The last time E’Twaun Moore played a regular season game in Orlando, he was with the Chicago Bulls. Fast forward nearly eight months later and Moore is now on the New Orleans Pelicans. Since that last trip to Orlando with the Bulls on March 26, a lot has changed for the sixth-year guard.
Not only is Moore obviously on a different team now, he is playing a much bigger role than he did in his previous five seasons in the league. Off the court, it would appear that Moore is much happier than he was back in March. During that time, the Bulls were in a huge slump and playing uninspired basketball.
Of course, signing a four-year, $34 million contract over the offseason certainly helps keep morale high as well. For Moore, signing that lucrative contract may not have seemed all that likely just a few years ago. Prior to this season, he had just 46 total starts in his career and was largely used off of the bench. Now, he’s become an full-time starter in New Orleans.
“I’m just excited to be here,” Moore told Basketball Insiders. “You just go out and play and you don’t think about the other stuff. [You] just think about playing and trying to win. It’s cool when you know exactly what you’re getting and your minutes exactly; now you’re going to play.
“It’s a lot easier playing the games and they’re a lot more fun. We got a nice, fun young group. We definitely enjoy playing with each other. I’m just excited for the opportunity to come out and contribute to our team.”
Moore was taken with the 55th overall pick in the 2011 draft by the Boston Celtics. He was used sparingly during his rookie season, averaging just 8.7 minutes in 38 outings that year. After being traded to the Houston Rockets, and then subsequently waived, Moore signed a two-year deal with the Orlando Magic.
The deal with the Magic appeared to be a good move for Moore since the Magic were just beginning their rebuild and there was plenty of opportunities for playing time. He established himself as a player who could play either guard position with the Magic and proved to be a valuable option off of the bench.
He averaged 7.1 points per game in two seasons with the Magic, while shooting 35 percent from three-point range. Following his two seasons with the Magic, he signed with the Bulls and didn’t begin to flourish until last season under first-year head coach Fred Hoiberg. He averaged 7.5 points, 2.3 rebounds and 1.7 assists per game.
Moore proved to be an effective starter when given the opportunity last season. In 22 starts, he averaged 12 points, three rebounds and three assists per game. He became the Bulls’ best three-point shooter, knocking down a career-high 45 percent from three-point range. One of his best games last season came against the Los Angeles Lakers when he recorded 24 points on a perfect 4-of-4 from three-point range.
If there’s anyone in the NBA who knows firsthand how hard it is to carve out a role with a team, it’s Moore. He’s bounced around on four different teams and has played in a number of different roles under several head coaches. He’s seen a lot of changes throughout his short career thus far.
“It’s tough to stick around in this league; it’s not easy,” Moore said. “You definitely have to stay focused and stay grounded and keep working. That would be the advice I’d give to anybody that’s trying to make it and trying to stick. You never know when another opportunity comes for you. You just try to take advantage of those.”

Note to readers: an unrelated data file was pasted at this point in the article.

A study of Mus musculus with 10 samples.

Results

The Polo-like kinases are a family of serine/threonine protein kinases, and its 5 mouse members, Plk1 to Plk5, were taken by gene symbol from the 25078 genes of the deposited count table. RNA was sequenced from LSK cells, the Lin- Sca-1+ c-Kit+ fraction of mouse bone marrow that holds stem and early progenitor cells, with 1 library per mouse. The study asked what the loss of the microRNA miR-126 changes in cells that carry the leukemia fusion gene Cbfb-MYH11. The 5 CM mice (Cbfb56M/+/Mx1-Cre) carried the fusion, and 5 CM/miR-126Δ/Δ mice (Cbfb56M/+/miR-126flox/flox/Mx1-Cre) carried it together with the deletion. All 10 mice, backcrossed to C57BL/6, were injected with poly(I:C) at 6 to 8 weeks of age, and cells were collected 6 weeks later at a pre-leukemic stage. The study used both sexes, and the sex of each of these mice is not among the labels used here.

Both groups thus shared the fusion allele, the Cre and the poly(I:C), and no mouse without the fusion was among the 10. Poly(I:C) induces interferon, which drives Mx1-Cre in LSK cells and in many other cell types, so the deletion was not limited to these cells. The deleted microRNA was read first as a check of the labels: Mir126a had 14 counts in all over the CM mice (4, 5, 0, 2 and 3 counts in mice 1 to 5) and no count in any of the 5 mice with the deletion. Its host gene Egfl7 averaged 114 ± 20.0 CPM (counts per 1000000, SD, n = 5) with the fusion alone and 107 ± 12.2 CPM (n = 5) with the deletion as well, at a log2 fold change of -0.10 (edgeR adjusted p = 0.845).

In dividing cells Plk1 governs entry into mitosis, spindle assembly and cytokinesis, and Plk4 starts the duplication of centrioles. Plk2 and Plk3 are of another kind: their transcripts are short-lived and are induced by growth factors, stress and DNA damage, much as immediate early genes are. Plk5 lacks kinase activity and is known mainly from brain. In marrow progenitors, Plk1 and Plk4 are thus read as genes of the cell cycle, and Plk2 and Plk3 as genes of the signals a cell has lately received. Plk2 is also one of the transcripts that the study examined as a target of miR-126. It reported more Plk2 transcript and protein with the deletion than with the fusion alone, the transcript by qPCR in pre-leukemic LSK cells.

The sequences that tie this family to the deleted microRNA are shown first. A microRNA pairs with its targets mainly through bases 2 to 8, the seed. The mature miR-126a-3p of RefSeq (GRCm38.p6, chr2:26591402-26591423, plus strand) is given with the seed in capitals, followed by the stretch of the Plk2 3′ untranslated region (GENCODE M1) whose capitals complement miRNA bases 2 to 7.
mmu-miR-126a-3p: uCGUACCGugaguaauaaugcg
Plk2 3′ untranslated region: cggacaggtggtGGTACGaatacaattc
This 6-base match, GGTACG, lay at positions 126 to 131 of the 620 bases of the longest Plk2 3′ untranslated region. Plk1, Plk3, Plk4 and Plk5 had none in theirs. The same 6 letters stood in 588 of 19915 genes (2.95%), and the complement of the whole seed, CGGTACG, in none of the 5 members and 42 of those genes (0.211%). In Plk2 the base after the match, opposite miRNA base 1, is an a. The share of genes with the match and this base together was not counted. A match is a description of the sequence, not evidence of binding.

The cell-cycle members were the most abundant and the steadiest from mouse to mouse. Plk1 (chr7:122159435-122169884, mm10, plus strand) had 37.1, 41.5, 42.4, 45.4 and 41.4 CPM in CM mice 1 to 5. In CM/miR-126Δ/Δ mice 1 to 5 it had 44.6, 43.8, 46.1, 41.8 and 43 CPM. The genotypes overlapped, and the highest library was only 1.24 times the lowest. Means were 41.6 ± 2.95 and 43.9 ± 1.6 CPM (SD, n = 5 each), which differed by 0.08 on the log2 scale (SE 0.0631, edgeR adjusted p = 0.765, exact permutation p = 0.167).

Moore has played in 11 of the Pelicans’ 12 games thus far this season and is putting up good numbers. He’s averaging a career-high 12.6 points, three assists, 1.7 rebounds and one steal in nearly 30 minutes per game. His 12.6 points per game are second-most on the team, behind only Anthony Davis.
After all of his hard work up until this point, Moore finally has some real financial security thanks to his deal with the Pelicans. He earned less than $1 million in four out of his five previous seasons in the league. Contracts for second-round draft picks are non-guaranteed, so he often had to battle for that money too.
Moore has previously said that a big factor in signing with the Pelicans was his ability to make an impact. He saw a future with several young stars on the team and thought he could help the squad eventually return to the playoffs. The idea of playing with Davis was appealing as well. Moore joked that he might be guaranteed a few more assists now that he’s playing with Davis.
“[Playing with Davis] makes it easier for all of us,” Moore said. “He draws double-teams and people will help a lot on him just because he’s so talented. We get easy shots and he just helps make the game easier. Anytime you play with good players, you definitely feed off of them and that makes other guys better. Of course, I’ve played with some good teammates in Boston, and Jimmy Butler and Derrick Rose can play – but nobody that can score like [Davis] can.”
For now, the Pelicans are hoping to get a healthy roster back on the floor. Davis missed last night’s game against the Magic, while key players like Tyreke Evans (knee), Jrue Holiday (personal) and Quincy Pondexter (knee) have yet to play this season. In all, the Pelicans have had players miss 42 games due to various reasons.
The team is expected to receive a big boost on Friday when Holiday makes his season debut at home against the Portland Trail Blazers. Evans is said to be another week or two away from returning, while no timetable has been set for Pondexter. It could be a while before this Pelicans team is at full strength again, but Moore can see this roster making some noise in the Western Conference.
“I think we can be really good,” Moore said. “You just see all of the games, we were in them and just a possession or two away. That shows you that we got guys and got enough talent to win. I think once we get everybody here on the same page, I think we can be pretty tough.”